Winter Garden Squeeze set to bid farewell to 'Doc' — the team's veteran batboy
Mark-David Simmerly has been the batboy for the Florida Collegiate Summer League franchise since the summer of 2015.
| 2:45 p.m. July 6, 2017
WINTER GARDEN His job responsibilities are many.
He arrives an hour early to the ballpark before each game to help with set-up. During the games, he does any number of tasks: from making sure the umpire has enough baseballs to collecting the bat for the home team after a hit, he stays busy — and attentive — until the last out each night.
His name is Mark-David Simmerly, but around Heller Bros. Ballpark, he’s known more simply as “Doc.”
So nicknamed for the initials of his first name — M.D. — Simmerly, 12, has been the batboy for the Winter Garden Squeeze for the past two-and-one-half seasons. Around for all but one of the team’s three-and-one-half seasons of existence, he has become one of the staples of the Florida Collegiate Summer League ball club’s identity.
But, now that a new job opportunity is set to relocate his family to the Lexington, Kentucky, area in the next two weeks, the Squeeze and their veteran batboy are preparing to part ways — and, already, he is missed.
“Doc is always pleasant,” Manager Jay Welsh said. “He always has a smile on his face, and the players love him. That’s all you can ask for in a clubhouse presence from a batboy.”
The opportunity to be the batboy for the summer league franchise came about through chance: Adam Bates, the general manager for the Squeeze, coached Simmerly’s travel ball team when he was 9 years old.
Since he was given a shot to do the job, Simmerly has not disappointed.
“He knows the game and takes care of the umpires with the balls and the water — he just has a feel for it,” Bates said. “He obviously is from a baseball family. You didn’t have to teach him.”
Simmerly is, in fact, from a baseball family. His grandfather, David Simmerly, was a professional scout for the Chicago Cubs and the Tampa Bay Rays. A Winter Garden resident, David Simmerly also played college baseball during his own career and coached high school baseball for many years.
That love of the game was, then, was passed down from grandfather, to father, to son.
“(Mark-David has loved baseball) since he could pick up a bat,” said Mark Simmerly, Mark-David’s father. “His grandfather kind of got him into it. … He definitely enjoys (being a batboy) — there’s no question about it. He loves it.”
As he tells it, Mark-David enjoys getting to know the players and says having the summer gig with the Squeeze cuts down on boredom. He’s got a few favorite players — Squeeze returners Tyler Halstead and Cody Burgess, among them — and said he really appreciates the way the players get along and have fun out on the field.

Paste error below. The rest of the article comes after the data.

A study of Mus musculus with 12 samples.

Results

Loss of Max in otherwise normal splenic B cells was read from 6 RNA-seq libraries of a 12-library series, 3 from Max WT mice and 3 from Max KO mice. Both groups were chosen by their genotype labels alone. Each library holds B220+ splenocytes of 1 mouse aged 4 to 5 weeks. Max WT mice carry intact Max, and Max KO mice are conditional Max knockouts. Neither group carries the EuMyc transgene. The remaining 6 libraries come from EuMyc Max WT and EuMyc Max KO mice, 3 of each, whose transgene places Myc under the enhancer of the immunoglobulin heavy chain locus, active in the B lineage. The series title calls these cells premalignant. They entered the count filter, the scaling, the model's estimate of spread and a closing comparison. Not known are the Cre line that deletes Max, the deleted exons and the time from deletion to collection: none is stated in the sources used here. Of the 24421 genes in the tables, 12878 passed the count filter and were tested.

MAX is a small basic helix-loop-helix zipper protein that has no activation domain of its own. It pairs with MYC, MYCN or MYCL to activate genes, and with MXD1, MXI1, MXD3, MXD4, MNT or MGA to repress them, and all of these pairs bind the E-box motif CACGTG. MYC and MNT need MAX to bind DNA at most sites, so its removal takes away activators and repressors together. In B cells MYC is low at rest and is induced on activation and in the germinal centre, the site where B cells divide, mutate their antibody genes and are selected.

For Welsh, who is in his second season as the manager for the Winter Garden franchise, his veteran batboy seems to have a good field for his clubhouse.
“It’s not the easiest job and he has a great ability to recognize when one of our guys is maybe having a tough day and he’ll stay away,” Welsh said, adding Mark-David also has been known to chime in during dugout banter with a zinger.
Not a one-way relationship by any stretch, Mark-David is pretty fond of Welsh, as well.
“I like him as a coach,” Mark-David said. “He’s friendly with the guys, and he’s open and fun.”
Mark-David dreams of one day working for Tesla — his love for cars led him and his father to the Coke Zero 400 last weekend in Daytona.
Mark-David has done most of the home games for the Squeeze in each of the past three seasons — some 20 to 25 games a summer — and, during the 2016 season, he did many of the road games. In a recent game, he got the chance to show his younger sister, Anaka, the ropes.
He said has mixed feelings about his family’s looming move, recognizing it as both exciting and bittersweet.
“(I think I’ll miss it here) sometimes — a lot of times,” Mark-David said. “It’s equal. I’m going to miss it here, and I’m going to like Kentucky, too.”
Mark-David’s final game as the Squeeze’s batboy will be at the Florida League All-Star Game July 8 in Sanford — coincidentally, his favorite “away” ballpark. And while Bates said he has settled on a successor, he added the ballclub’s veteran batboy will not be soon forgotten.
“He’s part of the family,” Bates said. “That’s easy.”